Deploying infrastructure in the cloud is fun. Deploying into AWS is even more fun. Clicking buttons is not fun. You should use a Cloud Formation template.
AWS CloudFormation gives developers and systems administrators an easy way to create and manage a collection of related AWS resources, provisioning and updating them in an orderly and predictable fashion.
Maintaining a Cloud Formation template (hopefully you wrote it in yaml) brings the same challenges as maintaining any code base. How can you verify the quality of code, especially in a shared environment.
I like to use Travis to kick off simple verification tests on any pull request against my CFT.
It’s a continuous integration tool that can automate the execution of verification tests such as syntax, linting and unit tests, as well as executing deploying your application to a service such as Hroku- although this isn’t relevant in the CFT example.
How does it work?
After setting up your account you need to enable Travis as an extension for your CFT repo. This is handled through the Settings and then Services panels.
Once enabled you need to add a Travis file to your repo. This file controls what Travis does when a certain trigger event occurs, such as a pushed branch or a new pull request.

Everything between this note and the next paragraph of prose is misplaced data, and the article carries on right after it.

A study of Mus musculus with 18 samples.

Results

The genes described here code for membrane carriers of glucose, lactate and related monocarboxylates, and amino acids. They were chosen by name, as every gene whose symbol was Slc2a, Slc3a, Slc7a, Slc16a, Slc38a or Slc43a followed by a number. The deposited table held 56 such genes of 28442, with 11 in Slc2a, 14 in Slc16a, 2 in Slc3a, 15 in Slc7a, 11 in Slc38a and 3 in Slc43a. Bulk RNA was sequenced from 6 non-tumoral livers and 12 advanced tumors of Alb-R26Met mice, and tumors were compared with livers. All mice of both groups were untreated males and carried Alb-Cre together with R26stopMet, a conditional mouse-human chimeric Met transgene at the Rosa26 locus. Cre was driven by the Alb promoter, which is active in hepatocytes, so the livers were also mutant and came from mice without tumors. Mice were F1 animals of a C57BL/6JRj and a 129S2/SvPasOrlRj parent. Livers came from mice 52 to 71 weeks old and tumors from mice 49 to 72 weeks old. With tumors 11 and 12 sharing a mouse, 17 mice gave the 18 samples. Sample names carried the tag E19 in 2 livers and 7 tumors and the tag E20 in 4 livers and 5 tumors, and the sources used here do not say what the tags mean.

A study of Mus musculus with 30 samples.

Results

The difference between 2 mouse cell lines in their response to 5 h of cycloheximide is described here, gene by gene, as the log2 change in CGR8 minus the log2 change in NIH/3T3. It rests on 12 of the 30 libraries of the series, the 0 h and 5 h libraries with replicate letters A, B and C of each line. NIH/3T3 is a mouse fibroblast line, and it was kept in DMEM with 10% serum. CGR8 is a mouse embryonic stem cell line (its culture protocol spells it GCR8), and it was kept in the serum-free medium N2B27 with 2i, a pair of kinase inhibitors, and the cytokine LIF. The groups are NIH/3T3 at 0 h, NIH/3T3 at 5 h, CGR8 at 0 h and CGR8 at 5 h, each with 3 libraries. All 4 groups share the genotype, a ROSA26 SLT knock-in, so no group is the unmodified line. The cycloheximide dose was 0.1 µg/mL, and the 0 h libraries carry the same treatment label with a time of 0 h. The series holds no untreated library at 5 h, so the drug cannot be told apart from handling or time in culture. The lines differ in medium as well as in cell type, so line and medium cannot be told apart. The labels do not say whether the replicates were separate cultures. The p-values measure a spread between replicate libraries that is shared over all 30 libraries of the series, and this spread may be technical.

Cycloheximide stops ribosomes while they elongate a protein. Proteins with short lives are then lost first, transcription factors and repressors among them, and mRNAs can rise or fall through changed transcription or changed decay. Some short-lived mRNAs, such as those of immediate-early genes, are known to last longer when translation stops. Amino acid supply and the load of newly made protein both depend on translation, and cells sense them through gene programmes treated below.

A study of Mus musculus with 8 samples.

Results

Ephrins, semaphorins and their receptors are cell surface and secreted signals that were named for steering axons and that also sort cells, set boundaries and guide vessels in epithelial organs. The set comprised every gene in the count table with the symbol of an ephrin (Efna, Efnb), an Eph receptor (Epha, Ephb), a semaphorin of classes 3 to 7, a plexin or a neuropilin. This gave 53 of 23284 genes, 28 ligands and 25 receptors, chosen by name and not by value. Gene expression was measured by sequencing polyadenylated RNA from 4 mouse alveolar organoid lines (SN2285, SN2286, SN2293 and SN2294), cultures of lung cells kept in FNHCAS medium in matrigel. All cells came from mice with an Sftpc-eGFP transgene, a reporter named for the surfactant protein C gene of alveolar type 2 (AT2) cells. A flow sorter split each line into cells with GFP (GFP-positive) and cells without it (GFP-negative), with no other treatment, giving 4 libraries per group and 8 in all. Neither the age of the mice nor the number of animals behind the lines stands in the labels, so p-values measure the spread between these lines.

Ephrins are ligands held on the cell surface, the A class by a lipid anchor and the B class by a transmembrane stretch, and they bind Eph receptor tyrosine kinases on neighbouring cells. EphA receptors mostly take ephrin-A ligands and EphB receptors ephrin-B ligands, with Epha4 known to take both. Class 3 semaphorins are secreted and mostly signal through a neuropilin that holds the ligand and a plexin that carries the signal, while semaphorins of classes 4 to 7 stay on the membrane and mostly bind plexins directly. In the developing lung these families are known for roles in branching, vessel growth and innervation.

The following example is really simple. I’ll explain it in a minute.
Numbers = lines
I’m using Ruby gems so I need Travis to configure the build node accordingly.
I need to configure the AWS CLI on the build node which requires passing through credentials. This is where I set them. Travis can create a secure string for you.
Onto the good stuff. Here I’m specifying the steps that Travis needs to take to prepare the build node for executing my required tests. In this case I’m installing the AWS CLI and a YAML linting Ruby gem.
This is where we specify the actual commands to run in order to tests the codebase. Here I’m calling the aws cloudformation verify-template command against a path to my template, and the same with the ruby gem.
Some nice output :)
Notifications are important, especially when tests fail. This is notifying my team’s Slack channel at Chef. I like to turn email off as the GitHub UI + Slack are enough notifications for me.
Hopefully the above gives you some idea of basic verification tests that Travis can execute. Arguably they are only saving a little bit of time as an attempted deployment with a malformed template will fail anyway. Having said that, I have a nice starting point from which to extend, and getting testing into an IT team’s culture is important.
The next step would be to add the template deployment. At least then you can check AMIs exist and a deployment creates. You may wish to follow this with a set of Selenium tests, should your stack deploy an application. Either way, I hope you find the above example useful in your own adventures with CI!